I may not be a 30-year “glover” but I’ve spent most of my career in the industrial world selling or marketing safety products. I’ve been on many job sites and in factories offering workers solutions for improving efficiency and safety. During the years, it has been interesting to see how technology has aided in improving worker efficiency and comfort, while at the same time watching workers use more and more PPE. It used to be that workers would refuse to wear gloves because they were so uncomfortable that gloves would actually impede people from doing their job. I can also remember old-timers bragging about their callused and battered hands as if they were a badge of honor. This is no longer the case.

Protection and efficiency

Glove technology has advanced so quickly in the past 20 years that gloves not only protect hands, but also help increase efficiency. Coated knits offer workers snag-free protection and high tactility grip. Objects like sharp sheet metal and glass can be handled quickly and without hesitation. Disposable and chemical gloves are used by nearly everyone to ensure that hands remain clean and free of harmful liquids or contaminants. There are even impressive, task-specific gloves that offer multiple types of protection including anti-vibration palms and impact protecting TPR on the back of hand.

While it is often quoted that 70 percent of work-related hand injuries were a result of people not wearing gloves, the so-called “bare hand market” has certainly diminished dramatically over the years.  More and more workers wear gloves to do the job – but are they wearing the right gloves?

Gaps in protection

Market data tells us that more often than not, the gloves do not offer adequate protection for the task.

The most obvious example would be gloves rated for cut protection. While we’d like to think that glove ratings could be equated to specific occupations, it is just not the case. Gloves are task- and condition-specific

Other common applications include the handling of small- and medium-sized parts. Again, if the parts are sharp, cut protection is a must. But dexterity and tactile sensitivity becomes a very important factor as well. It is vital for customers to handle parts securely, quickly and with confidence. Comfort, fit and form are imperative, and it is often difficult to identify which gloves provide all three, while allowing the worker to do his job.  All gloves pretty much look the same when they’re in the bag, but they are not. Let’s take some time to explore what makes a good quality glove.

Attention to detail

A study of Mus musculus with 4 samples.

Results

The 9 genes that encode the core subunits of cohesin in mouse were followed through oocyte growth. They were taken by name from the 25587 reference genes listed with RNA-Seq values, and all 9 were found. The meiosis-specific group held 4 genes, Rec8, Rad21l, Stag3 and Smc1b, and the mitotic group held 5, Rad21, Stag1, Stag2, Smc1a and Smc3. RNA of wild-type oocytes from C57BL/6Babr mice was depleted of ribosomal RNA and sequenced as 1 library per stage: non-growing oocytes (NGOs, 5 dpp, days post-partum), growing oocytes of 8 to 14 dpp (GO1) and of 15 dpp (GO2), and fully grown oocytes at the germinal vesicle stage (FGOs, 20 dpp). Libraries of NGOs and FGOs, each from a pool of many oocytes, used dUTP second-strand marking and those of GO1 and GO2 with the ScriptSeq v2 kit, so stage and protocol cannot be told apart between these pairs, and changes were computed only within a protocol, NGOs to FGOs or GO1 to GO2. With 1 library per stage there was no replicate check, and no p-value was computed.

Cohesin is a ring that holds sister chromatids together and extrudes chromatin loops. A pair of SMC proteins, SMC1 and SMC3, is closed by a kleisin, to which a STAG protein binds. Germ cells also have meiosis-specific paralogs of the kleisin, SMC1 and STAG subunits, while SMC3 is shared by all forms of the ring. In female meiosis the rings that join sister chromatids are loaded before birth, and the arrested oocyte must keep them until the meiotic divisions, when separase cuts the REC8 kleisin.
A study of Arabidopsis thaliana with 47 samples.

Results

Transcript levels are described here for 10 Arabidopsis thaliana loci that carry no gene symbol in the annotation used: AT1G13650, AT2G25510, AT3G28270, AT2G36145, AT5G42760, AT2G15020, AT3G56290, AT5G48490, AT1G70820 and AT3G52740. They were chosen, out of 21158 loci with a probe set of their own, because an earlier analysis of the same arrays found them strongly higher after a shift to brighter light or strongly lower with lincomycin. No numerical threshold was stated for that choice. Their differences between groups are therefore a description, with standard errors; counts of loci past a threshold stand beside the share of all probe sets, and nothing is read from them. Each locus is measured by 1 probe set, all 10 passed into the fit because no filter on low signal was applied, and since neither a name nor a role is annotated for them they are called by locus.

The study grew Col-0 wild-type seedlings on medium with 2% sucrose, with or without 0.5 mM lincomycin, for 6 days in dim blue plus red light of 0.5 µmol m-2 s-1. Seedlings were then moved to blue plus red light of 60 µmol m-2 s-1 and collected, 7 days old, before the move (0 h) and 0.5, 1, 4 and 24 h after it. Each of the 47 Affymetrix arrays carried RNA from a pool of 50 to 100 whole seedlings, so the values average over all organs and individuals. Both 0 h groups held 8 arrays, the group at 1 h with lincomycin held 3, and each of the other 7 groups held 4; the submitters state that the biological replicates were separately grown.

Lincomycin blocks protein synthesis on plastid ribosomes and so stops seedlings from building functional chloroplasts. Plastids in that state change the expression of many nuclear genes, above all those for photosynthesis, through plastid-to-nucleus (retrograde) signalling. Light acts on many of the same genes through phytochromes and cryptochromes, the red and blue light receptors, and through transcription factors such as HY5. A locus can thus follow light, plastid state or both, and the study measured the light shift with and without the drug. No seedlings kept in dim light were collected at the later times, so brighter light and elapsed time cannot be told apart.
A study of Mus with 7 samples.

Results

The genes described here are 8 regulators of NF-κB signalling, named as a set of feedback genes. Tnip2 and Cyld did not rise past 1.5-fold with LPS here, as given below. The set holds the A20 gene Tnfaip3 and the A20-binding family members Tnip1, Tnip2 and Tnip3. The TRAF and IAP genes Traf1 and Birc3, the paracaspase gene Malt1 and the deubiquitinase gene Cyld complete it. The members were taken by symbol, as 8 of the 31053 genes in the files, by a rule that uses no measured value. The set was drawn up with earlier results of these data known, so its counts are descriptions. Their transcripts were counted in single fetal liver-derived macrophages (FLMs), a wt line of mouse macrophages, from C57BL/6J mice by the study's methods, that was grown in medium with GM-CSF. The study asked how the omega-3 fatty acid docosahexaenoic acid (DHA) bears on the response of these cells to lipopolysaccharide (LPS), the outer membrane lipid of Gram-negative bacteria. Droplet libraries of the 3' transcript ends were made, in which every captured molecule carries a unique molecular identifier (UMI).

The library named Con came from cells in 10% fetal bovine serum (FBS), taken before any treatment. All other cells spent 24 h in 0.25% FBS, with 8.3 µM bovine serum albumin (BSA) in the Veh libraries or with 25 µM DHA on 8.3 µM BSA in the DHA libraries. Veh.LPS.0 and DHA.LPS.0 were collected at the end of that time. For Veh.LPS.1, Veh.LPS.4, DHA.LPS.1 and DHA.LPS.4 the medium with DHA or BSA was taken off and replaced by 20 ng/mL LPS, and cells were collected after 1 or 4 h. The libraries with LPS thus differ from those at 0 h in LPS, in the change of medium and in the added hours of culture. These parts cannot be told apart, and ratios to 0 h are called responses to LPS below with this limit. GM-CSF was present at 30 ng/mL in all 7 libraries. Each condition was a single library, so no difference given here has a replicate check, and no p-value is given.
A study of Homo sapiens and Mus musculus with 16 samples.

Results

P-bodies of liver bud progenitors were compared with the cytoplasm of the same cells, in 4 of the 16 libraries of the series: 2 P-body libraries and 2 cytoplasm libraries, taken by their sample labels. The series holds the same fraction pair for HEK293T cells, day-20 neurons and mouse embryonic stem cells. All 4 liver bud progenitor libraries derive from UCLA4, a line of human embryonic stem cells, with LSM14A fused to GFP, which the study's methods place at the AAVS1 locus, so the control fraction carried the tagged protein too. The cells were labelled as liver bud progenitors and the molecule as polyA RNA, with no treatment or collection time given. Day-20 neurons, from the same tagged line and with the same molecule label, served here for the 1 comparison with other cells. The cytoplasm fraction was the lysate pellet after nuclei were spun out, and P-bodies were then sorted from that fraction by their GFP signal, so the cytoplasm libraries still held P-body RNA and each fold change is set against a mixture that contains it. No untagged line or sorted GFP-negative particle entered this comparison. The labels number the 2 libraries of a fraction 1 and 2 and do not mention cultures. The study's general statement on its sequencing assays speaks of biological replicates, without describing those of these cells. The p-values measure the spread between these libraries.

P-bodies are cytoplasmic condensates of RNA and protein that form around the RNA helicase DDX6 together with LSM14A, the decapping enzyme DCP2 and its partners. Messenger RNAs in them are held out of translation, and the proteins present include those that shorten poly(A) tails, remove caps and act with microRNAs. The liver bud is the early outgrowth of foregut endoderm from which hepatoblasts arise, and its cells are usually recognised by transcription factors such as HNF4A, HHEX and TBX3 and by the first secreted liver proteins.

It’s crucial to choose a breathable glove when handling parts in dry or slightly oily conditions. Back of the hand breathability is a given when talking about the knit liner, however, it is not so obvious when dealing with the coating. Depending on the coating, you can have a smooth surface that is completely impermeable or a foam type that allows air channels to pass through, while inhibiting oil or wetness from entering. The cells on the surface actually act as suction cups that help grip and channel wetness or oil away. Gloves with foam coatings are more comfortable than textured or smooth-surfaced coatings, which may not be breathable. Simply put, attention to detail in regard to coatings can make a huge improvement in the application where gloves are used.

Coated knit gloves offer protection classified as cut-resistant or general purpose. Most of the time, buyers opt for general purpose gloves because the threat of laceration may not be obvious or serious. The fact is, we wear gloves for protection and unless it’s protection from liquid contamination, we are generally protecting our skin from damage caused by cuts or abrasions. Even if someone is handling boxes in a warehouse, there’s still a real chance of being cut. Whether it’s from scraping against a sharp shelf or catching a falling object, many manual tasks present the threat of cuts.

From general purpose to general protection

So instead of “General Purpose,” we should be demanding “General Protection” gloves for all workers. That means that some level of cut protection should be required. One would think that doing this would quadruple budgets for gloves, but we can state confidently that this is no longer the case.

Imagine for a minute the amount of hazards on a construction job site. With so many varied tasks, a “one-glove-protects-all” approach is possible with General Protection gloves using engineered yarns. Advances in proprietary engineered yarns can deliver cut protection at a fraction of what it costs only a few years ago. With General Protective gloves made of new engineered yarns, workers can be confident that their hands are truly protected. Buyers and safety managers no longer need to make judgement calls based on which tasks need cut protection and which don’t.  With fewer styles of gloves needed to supply, the overall cost of protecting the workers can come down. 

The advancement in new technology-driven engineered yarns takes protection to a new level. Consider these gloves against the history of gloves classified as general purpose or mechanical protection.